Ecological Restoration Planning/Design Guidance and a Discussion of Related Global & National Issues


Lee R. Skabelund, ASLA and Associate Professor at Kansas State University, summarizes findings from interviews with landscape architects and restoration ecologists regarding the hallmarks of “successful” ecological restoration efforts. The importance of developing meaningful ecological restoration goals, objectives, and performance criteria are discussed. Particular emphasis is given to the role of in integrated ecosystem restoration and ecological design efforts in creating sustainable landscape systems. To be successful, interdisciplinary ecological restoration project teams need to understand essential physical and ecological processes, the drivers of environmental change in the region, and the site-specific dynamics in the location where restoration is being proposed.
Ecological restoration efforts likewise need to account for economic and socio-political factors. Indicators of “successful ecological restoration” include two primary outcomes: 1) the project’s effectiveness in meeting stated project goals, objectives, and performance criteria, and 2) the ability to create a system that functions in accord with desired ecosystem attributes and conditions.

Important ecological restoration issues relevant to designers throughout the world are addressed by Keith Bowers, who has led work on ecological restoration and conservation planning/design projects across the U.S. and has helped guide the Society for Ecological Restoration for many years.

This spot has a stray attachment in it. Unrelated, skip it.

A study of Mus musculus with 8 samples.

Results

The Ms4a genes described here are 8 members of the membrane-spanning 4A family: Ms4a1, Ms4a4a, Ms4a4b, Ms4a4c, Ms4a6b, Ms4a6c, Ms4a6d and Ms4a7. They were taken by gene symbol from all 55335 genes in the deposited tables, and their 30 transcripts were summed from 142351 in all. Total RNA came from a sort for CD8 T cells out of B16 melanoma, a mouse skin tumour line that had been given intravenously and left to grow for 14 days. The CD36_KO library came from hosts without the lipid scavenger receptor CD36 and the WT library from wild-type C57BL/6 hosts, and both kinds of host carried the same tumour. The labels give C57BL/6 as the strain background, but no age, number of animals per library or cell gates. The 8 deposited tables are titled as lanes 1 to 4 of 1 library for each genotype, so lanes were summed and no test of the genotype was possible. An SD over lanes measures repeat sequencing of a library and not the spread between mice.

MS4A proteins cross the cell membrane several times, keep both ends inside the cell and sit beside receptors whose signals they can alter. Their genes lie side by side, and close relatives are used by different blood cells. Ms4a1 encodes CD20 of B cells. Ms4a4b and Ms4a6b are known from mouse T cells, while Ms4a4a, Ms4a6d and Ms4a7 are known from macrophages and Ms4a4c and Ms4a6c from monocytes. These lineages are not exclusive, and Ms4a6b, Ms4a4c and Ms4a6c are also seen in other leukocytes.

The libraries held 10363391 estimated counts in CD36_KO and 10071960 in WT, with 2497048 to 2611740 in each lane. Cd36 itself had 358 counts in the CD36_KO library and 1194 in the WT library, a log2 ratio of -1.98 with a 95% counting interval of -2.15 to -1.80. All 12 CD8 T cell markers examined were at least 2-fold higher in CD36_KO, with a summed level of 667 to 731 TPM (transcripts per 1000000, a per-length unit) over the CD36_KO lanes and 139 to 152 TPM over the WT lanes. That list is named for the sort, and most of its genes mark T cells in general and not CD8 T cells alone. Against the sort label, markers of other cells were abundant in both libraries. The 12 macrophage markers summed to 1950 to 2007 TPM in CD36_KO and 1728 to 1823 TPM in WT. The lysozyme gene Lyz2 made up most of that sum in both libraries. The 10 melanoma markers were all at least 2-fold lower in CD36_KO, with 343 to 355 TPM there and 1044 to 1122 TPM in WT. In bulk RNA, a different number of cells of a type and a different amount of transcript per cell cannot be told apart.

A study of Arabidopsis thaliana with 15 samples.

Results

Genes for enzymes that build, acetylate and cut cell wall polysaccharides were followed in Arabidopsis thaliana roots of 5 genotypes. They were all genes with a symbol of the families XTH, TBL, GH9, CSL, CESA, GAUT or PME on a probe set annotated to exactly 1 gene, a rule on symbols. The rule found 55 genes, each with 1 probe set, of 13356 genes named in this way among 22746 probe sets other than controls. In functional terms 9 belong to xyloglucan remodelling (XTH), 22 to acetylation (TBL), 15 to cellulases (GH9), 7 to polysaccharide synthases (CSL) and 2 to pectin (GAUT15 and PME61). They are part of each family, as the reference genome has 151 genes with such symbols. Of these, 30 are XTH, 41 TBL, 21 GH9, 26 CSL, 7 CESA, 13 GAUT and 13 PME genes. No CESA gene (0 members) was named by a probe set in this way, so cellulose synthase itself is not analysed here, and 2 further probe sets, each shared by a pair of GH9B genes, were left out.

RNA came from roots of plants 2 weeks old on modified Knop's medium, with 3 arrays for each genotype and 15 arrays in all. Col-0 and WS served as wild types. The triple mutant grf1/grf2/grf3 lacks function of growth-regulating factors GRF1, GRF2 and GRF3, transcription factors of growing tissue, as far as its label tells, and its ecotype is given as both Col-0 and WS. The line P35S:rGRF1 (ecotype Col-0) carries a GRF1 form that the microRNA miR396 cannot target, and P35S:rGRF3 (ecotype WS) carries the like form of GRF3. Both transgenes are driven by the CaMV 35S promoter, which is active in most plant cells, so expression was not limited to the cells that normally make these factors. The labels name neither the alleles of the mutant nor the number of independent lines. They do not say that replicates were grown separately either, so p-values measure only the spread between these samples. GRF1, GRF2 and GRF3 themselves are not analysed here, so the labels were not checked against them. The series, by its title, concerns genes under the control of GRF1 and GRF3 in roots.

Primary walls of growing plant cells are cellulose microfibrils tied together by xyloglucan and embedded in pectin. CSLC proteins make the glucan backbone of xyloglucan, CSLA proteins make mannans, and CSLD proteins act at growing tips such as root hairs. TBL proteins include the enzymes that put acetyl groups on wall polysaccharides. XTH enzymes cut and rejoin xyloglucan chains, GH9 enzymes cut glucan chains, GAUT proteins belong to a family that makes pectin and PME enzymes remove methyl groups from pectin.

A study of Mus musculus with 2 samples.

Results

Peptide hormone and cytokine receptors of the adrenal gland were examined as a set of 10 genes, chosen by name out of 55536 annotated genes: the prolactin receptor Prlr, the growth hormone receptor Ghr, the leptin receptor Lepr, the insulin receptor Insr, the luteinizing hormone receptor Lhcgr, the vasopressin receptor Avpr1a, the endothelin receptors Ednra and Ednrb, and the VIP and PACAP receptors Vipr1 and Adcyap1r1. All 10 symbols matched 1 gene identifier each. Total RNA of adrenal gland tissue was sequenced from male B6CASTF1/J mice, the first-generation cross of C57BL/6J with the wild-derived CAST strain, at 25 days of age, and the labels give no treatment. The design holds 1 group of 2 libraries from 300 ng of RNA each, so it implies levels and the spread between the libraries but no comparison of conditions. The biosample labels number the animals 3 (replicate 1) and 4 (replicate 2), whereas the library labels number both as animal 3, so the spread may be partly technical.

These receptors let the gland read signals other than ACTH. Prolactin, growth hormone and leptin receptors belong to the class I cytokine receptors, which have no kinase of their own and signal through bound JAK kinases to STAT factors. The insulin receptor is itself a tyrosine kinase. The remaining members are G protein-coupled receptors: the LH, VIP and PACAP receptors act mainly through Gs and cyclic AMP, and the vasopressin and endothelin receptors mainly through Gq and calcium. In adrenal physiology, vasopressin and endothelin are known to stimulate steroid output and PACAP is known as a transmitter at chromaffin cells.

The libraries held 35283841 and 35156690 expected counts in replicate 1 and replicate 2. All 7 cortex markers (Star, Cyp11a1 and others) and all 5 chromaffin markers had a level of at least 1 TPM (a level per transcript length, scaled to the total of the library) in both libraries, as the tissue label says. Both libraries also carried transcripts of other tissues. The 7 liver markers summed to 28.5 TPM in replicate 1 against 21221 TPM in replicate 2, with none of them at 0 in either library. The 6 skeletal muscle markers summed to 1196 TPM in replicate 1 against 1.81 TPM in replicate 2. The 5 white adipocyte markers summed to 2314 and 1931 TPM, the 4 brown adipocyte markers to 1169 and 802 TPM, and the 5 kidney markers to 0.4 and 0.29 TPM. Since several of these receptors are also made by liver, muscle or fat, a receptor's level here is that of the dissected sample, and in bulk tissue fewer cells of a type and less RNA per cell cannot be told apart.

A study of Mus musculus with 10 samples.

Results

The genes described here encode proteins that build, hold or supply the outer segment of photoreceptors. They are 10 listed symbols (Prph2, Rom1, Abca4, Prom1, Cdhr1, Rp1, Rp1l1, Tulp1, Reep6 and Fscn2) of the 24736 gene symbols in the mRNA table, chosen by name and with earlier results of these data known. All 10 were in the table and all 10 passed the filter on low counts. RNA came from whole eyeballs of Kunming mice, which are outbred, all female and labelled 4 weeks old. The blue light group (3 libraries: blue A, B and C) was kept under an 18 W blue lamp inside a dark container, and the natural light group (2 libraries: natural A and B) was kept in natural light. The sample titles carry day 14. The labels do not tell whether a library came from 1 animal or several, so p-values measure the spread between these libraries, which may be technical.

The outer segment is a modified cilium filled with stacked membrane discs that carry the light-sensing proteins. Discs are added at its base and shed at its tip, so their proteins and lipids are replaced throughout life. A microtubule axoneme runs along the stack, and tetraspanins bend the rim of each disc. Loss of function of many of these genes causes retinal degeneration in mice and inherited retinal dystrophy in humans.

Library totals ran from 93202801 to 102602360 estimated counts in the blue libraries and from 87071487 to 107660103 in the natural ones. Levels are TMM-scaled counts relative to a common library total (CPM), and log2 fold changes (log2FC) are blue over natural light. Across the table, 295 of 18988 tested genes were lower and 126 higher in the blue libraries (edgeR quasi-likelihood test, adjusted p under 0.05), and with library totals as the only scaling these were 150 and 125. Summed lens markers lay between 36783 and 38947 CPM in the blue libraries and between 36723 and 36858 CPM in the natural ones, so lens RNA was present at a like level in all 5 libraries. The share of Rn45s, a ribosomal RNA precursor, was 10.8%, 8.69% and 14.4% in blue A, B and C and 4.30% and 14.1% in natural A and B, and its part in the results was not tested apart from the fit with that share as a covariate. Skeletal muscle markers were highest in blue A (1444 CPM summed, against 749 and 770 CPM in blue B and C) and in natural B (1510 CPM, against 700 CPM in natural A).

Bowers, ASLA, RLA; President of Biohabitats, Inc.; and past-Chair of the Society for Ecological Restoration’s Board of Directors (SER) discusses pressing ecological restoration needs and opportunities around the world, sharing what he has learned during his work with SER and other international organizations, and as head of a firm focused on ecological restoration and regenerative design. Traditional knowledge and active community involvement in ecological restoration is seen as a vital component of successful ecological restoration project efforts. Integrating conservation planning, ecological restoration, and regenerative site design strategies into all facets of projects can be a primary component of ‘green’ development programs and landscape architecture projects.

Participants are invited to consider important issues related to ecological restoration planning, design and implementation, research, design and technical needs related to the practice of ecological restoration, and opportunities for integrating landscape architectural design that focuses on the restoration of functional human and ecological systems in projects large and small.
Distance Learning
Course Equivalency
Business Practices / Contracts / HR
Horticulture / Plants
Sustainable Development & Design
Health, Safety and Welfare
Learning Outcomes
•Helps participants appreciate the complexity of restoring ecosystems in urban settings, and enables designers to develop meaningful ecological restoration goals, objectives, and performance criteria.

•Provides guidance for working with local stakeholders on urban ecological restoration design projects and in facilitating planning/design efforts to create more sustainable urban systems.

•Provides examples of designs that seek to integrate economic, aesthetic, socio-cultural, and ecological perspectives (including water quality and ecosystem conservation) into local and regional systems.
Lee R. Skabelund (Kansas State University) and Keith Bowers (Biohabitats, Inc.)